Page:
Rodenticide toxicity is one of the most common forms of pet poisoning. Several products are commercially available to help control rodents, and all are toxic to pets. Our LaGrange Veterinary Hospital team doesn’t want your pet to fall victim to a rodenticide poisoning, and we offer information about how these products affect pets and provide tips to help decrease their exposure risk.

Cholecalciferol toxicity in pets

Cholecalciferol (i.e., vitamin D3) is one of the most potent rodenticides on the market. When ingested, cholecalciferol produces life-threatening increases in blood calcium levels, resulting in soft tissue hardening throughout the body, specifically involving the heart, kidneys, gastrointestinal (GI) tract, and muscle. This can cause multiple organ failure, leading to death. Important information includes:

  • Signs — Signs typically occur about one to three days after ingestion when significant damage to the organs has already occurred. Potential signs include increased thirst and urination, weakness, lethargy, decreased appetite, and vomiting.
  • Diagnosis — Most cases are diagnosed in pets who have known or suspected exposure to cholecalciferol rodenticide. Blood work showing elevated calcium, phosphorus, and kidney values increases the suspicion for cholecalciferol toxicity. A urinalysis may be performed to help assess kidney function.
  • Treatment — No antidote is available to treat cholecalciferol poisoning. If ingestion was recent, treatment involves inducing vomiting and administering activated charcoal to help reduce absorption. Other treatment includes intravenous fluids (IV) and medications to help reduce calcium levels.

Anticoagulant toxicity in pets

Anticoagulants, such as brodifacoum, bromadiolone, difenacoum, difethialone, and warfarin, interfere with blood’s ability to clot, resulting in internal bleeding. These products were once the main active ingredient in most rodenticides, but in 2018, the U.S. Environmental Protection Agency (EPA) made regulatory changes, which made these ingredients much less common. However, they are still deadly. Important information includes:

  • Signs — After ingestion, the body takes one to two days to use up clotting factors, and signs don’t occur until about three to seven days after ingestion. Signs are associated with internal bleeding, and include lethargy, pale gums, increased respiration rate, bloody diarrhea, nose bleeds, bruising, bloody urine, weakness, and seizures.
  • Diagnosis — Blood work to assess clotting times and red blood cell and platelet counts are helpful to diagnose anticoagulant poisoning. X-rays and ultrasound also may be used to check for blood accumulation in the chest or abdomen.
  • Treatment — If ingestion occurred recently, our team may induce vomiting and administer activated charcoal to help prevent absorption. Vitamin K1 is an antidote to anticoagulant rodenticide poisoning. Other treatments may include IV fluids, blood or plasma transfusions, and oxygen therapy.

Bromethalin toxicity in pets

Bromethalin is a neurotoxin that attacks the coating around the nerves, resulting in brain swelling and neurological issues. These products can be toxic, including when small amounts are ingested. Important information includes:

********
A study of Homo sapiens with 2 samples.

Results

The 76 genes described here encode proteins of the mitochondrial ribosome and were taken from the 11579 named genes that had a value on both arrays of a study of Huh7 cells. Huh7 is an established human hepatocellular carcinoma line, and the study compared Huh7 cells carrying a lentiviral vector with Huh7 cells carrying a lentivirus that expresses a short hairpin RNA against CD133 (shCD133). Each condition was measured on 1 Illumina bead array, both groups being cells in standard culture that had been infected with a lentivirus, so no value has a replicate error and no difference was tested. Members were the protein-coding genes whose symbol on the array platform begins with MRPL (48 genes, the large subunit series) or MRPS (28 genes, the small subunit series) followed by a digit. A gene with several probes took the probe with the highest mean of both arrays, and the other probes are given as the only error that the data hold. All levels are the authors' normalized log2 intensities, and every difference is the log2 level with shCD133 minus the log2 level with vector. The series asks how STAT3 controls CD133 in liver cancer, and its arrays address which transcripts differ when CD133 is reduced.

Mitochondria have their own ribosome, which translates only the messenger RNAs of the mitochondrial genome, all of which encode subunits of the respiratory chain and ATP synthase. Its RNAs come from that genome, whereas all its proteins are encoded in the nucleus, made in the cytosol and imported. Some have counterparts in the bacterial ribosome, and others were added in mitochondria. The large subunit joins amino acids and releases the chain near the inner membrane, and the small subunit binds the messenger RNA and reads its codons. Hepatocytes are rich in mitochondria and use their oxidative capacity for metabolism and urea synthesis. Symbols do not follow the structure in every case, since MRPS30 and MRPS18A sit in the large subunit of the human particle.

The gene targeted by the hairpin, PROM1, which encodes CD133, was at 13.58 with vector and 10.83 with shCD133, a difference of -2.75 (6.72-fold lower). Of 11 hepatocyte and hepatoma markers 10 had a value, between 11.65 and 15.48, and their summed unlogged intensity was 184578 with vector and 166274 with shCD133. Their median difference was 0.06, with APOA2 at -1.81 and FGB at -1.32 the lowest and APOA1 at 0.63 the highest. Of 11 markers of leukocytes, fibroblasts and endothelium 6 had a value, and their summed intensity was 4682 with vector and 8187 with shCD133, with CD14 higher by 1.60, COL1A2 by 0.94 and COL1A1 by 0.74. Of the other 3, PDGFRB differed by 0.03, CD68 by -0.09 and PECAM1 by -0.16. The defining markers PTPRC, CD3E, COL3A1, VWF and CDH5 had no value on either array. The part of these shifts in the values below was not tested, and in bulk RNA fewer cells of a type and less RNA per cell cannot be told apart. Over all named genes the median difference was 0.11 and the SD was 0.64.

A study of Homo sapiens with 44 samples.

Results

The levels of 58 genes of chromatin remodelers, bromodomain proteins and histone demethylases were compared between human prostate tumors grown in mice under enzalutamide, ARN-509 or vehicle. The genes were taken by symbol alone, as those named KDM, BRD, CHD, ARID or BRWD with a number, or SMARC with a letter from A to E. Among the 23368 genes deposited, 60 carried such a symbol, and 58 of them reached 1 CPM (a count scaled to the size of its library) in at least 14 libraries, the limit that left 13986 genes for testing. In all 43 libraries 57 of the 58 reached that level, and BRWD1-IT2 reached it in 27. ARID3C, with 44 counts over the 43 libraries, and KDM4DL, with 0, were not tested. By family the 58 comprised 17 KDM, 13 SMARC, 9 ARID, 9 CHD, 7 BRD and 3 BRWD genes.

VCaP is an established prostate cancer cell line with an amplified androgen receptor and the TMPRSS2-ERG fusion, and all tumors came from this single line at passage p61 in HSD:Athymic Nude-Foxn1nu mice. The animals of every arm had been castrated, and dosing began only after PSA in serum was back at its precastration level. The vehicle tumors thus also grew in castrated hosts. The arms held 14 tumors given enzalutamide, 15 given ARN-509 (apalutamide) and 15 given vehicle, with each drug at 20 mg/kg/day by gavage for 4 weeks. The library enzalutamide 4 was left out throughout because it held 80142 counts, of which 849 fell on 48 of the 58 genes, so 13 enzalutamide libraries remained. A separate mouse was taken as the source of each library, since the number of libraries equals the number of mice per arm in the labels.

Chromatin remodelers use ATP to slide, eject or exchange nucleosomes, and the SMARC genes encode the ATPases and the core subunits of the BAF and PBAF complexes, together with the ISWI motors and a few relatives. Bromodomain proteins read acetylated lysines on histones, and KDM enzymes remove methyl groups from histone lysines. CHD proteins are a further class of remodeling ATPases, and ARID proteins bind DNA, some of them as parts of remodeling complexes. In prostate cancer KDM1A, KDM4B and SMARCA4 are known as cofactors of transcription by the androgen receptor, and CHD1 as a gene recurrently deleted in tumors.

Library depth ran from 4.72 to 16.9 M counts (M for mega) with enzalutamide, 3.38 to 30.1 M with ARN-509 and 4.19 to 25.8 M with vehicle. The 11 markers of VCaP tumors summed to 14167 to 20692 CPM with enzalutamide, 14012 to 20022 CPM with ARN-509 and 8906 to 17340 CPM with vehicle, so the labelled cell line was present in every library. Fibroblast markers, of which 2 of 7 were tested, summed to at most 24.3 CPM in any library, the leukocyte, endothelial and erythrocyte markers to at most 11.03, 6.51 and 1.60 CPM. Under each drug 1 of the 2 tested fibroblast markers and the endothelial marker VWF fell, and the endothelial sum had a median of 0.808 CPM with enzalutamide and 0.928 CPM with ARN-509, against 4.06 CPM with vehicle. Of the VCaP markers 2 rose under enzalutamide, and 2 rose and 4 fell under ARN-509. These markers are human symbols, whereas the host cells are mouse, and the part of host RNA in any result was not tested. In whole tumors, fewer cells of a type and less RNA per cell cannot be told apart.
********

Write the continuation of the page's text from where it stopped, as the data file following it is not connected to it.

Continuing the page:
• Signs — Signs can take one to five days to manifest, and include GI upset, lack of coordination, tremors, seizures, paralysis, and death. Cats are more sensitive to bromethalin than dogs.
  • Diagnosis — Most cases are diagnosed in pets who have known or suspected exposure to bromethalin, especially if they develop neurologic signs.
  • Treatment — No antidote is available. If ingestion occurred recently, our team may induce vomiting and administer charcoal to help prevent absorption. Other treatments include IV fluids and medications to reduce brain swelling.

Zinc and aluminum phosphide toxicity in pets

These products are most commonly found in mole and gopher baits, but can be found in mouse or rat baits. Phosphides work by releasing deadly phosphine gas when the poison mixes with stomach acid. Food in the stomach increases gas production, increasing the toxicity, so do not feed your pet if they ingest a phosphide rodenticide. Important information includes:

  • Signs — Signs typically occur within minutes, and death can occur in as little as five hours after exposure. Signs include lethargy, vomiting, diarrhea, weakness, lack of coordination, tremors, difficulty breathing, abdominal pain and bloating. Phosphine gas is also highly toxic to humans, so if your pet vomits, keep the area well-ventilated, remain above the vomit, and wash the area thoroughly.
  • Diagnosis — Most cases are diagnosed in pets who have known or suspected exposure to zinc or aluminum phosphide.
  • Treatment — No antidote is available. If ingestion occurred recently, our team may induce vomiting and administer charcoal to prevent absorption. Other treatments include IV fluids, and medications to decrease the production and effects of the phosphine gas.

Preventing rodenticide toxicity in pets

Keep rodenticides in a secure place that your pet can’t access, and consider using an alternative form of pest control, such as live traps that don’t involve poisons. If you must use a rodenticide, follow these tips:

  • Ensure your pet can’t access the area where you distribute the poison
  • Record exactly how much poison you used 
  • Record where you dispensed the poison
  • Know the active ingredient in the product
  • Take a picture of the product label in case your pet needs veterinary care
  • When visiting, ask if a rodenticide is in use and keep your pet away from these areas

Rodenticide toxicity is a concerning issue, but you can take steps to reduce your pet’s exposure risk. If you know or suspect your pet ingested a rodenticide, contact our LaGrange Veterinary Hospital team so we can determine what treatment is most appropriate for the situation.